Three generations gathered from across the US and down from Canada for this get-together. There were kids - cousins sharing laughter if not chromosomes - spouses, partners, ex-s and lots of dogs. Yet somehow it all worked, it all blended and I felt surrounded by abundance.

Which led me to mull the question, just how do you define family? If you define it by caring and sharing - by love - then this was a family. Gay, straight, young, old, children by a current marriage or a previous one - somehow it didn't really matter. No one was keeping score.

In some ways, this felt like the set for the TV series "Modern Family" without all the dysfunction. Gathered together were a stay-at-home mom and a stay-at-home dad. There was an array of aging but energetic baby boomers and a younger generation that included a lawyer, an engineer, a teacher, an environmental consultant and... did I forget anyone?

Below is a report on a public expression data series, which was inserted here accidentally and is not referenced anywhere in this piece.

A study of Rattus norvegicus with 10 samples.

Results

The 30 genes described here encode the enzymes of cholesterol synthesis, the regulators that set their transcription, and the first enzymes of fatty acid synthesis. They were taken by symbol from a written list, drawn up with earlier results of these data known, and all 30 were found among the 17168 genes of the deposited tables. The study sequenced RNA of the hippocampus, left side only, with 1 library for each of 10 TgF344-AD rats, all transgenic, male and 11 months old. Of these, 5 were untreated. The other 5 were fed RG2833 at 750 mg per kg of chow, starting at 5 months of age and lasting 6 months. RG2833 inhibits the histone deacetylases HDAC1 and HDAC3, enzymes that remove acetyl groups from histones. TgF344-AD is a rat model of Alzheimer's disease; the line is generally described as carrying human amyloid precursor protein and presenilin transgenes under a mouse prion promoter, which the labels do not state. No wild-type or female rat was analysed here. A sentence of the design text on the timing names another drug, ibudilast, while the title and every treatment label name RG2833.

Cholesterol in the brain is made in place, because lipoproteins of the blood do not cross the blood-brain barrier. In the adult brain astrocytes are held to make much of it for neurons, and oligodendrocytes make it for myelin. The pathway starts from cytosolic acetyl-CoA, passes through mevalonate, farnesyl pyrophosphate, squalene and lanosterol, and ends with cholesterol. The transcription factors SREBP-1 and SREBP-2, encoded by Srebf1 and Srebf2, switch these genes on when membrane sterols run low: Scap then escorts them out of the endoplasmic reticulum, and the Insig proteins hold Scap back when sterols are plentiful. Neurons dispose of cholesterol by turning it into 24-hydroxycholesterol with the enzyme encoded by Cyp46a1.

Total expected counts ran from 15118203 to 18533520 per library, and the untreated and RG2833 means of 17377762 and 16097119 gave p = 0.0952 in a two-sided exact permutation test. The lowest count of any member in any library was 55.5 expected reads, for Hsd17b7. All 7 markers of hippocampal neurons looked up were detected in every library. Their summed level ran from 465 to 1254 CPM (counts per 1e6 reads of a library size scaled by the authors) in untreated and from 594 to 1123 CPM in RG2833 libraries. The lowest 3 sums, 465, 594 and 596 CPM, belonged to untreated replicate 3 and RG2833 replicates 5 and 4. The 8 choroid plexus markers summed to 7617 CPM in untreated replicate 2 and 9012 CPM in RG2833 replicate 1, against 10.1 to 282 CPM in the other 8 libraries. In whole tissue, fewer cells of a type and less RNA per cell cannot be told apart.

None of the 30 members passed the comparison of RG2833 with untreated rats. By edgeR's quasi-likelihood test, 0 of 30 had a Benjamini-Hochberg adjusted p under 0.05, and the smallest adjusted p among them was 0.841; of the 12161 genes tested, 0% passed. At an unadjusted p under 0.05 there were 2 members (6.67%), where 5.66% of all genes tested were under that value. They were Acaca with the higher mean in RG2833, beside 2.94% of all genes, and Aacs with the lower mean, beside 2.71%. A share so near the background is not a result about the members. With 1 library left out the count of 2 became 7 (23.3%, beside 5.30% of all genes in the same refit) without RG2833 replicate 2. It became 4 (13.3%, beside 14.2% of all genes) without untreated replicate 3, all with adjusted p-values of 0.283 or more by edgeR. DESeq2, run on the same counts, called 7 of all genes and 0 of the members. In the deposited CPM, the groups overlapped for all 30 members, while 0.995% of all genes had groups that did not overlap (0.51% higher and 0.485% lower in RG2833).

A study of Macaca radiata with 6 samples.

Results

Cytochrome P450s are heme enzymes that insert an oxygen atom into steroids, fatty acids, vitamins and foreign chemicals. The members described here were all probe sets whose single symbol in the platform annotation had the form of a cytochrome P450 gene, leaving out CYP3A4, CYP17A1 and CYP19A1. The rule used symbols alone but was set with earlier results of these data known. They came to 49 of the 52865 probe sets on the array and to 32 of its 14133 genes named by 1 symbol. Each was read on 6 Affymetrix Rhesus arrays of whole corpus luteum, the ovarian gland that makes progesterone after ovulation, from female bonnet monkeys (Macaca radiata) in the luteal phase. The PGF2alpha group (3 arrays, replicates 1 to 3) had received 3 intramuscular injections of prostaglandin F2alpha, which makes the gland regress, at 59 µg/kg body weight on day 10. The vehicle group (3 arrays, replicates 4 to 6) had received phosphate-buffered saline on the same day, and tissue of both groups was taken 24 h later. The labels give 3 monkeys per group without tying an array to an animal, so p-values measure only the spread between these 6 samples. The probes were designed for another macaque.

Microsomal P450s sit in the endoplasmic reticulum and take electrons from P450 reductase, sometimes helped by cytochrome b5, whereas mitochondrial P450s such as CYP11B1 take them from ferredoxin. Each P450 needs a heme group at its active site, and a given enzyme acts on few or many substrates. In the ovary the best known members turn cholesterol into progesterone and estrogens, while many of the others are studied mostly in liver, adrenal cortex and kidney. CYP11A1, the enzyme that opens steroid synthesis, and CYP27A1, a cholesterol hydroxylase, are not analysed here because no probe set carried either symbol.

The food ranged from Italian to Mexican, vegetarian to barbeque; the drinks from cosmos to mineral water. The kids and the dogs came in a variety of sizes and ages and the house was a way station for relatives and friends. It all felt like a dictionary definition of fullness - "filled to capacity; holding as much or as many as is possible".

But the fullness I experienced that week by the lake was measured by more than numbers and mixtures, more than just variety and diversity. The fullness was characterized by abundance and by richness. By happiness, contentment and connection.

Being a wordsmith, I decided to investigate this word "fullness", to find out more about its origins and meanings -- to check out its genealogy. The word, meaning "plenty", can be traced to 15th century French, and it has a long dictionary list of meanings.

There is "full" meaning whole, lacking nothing, "full" meaning to eat enough and "full" as in "to live a full life". A "full" moon shown down on us that week in late August and as described by the final dictionary entry, "we left the place with full hearts".

I chose to follow the genealogy of the word "fullness" rather than dig into formal definitions of "family" because I didn't need a dictionary to tell me that this gathering I had the privilege of being part of was family. But my word search for "fullness" helped capture the nuances of that week and that gathering in a very special family.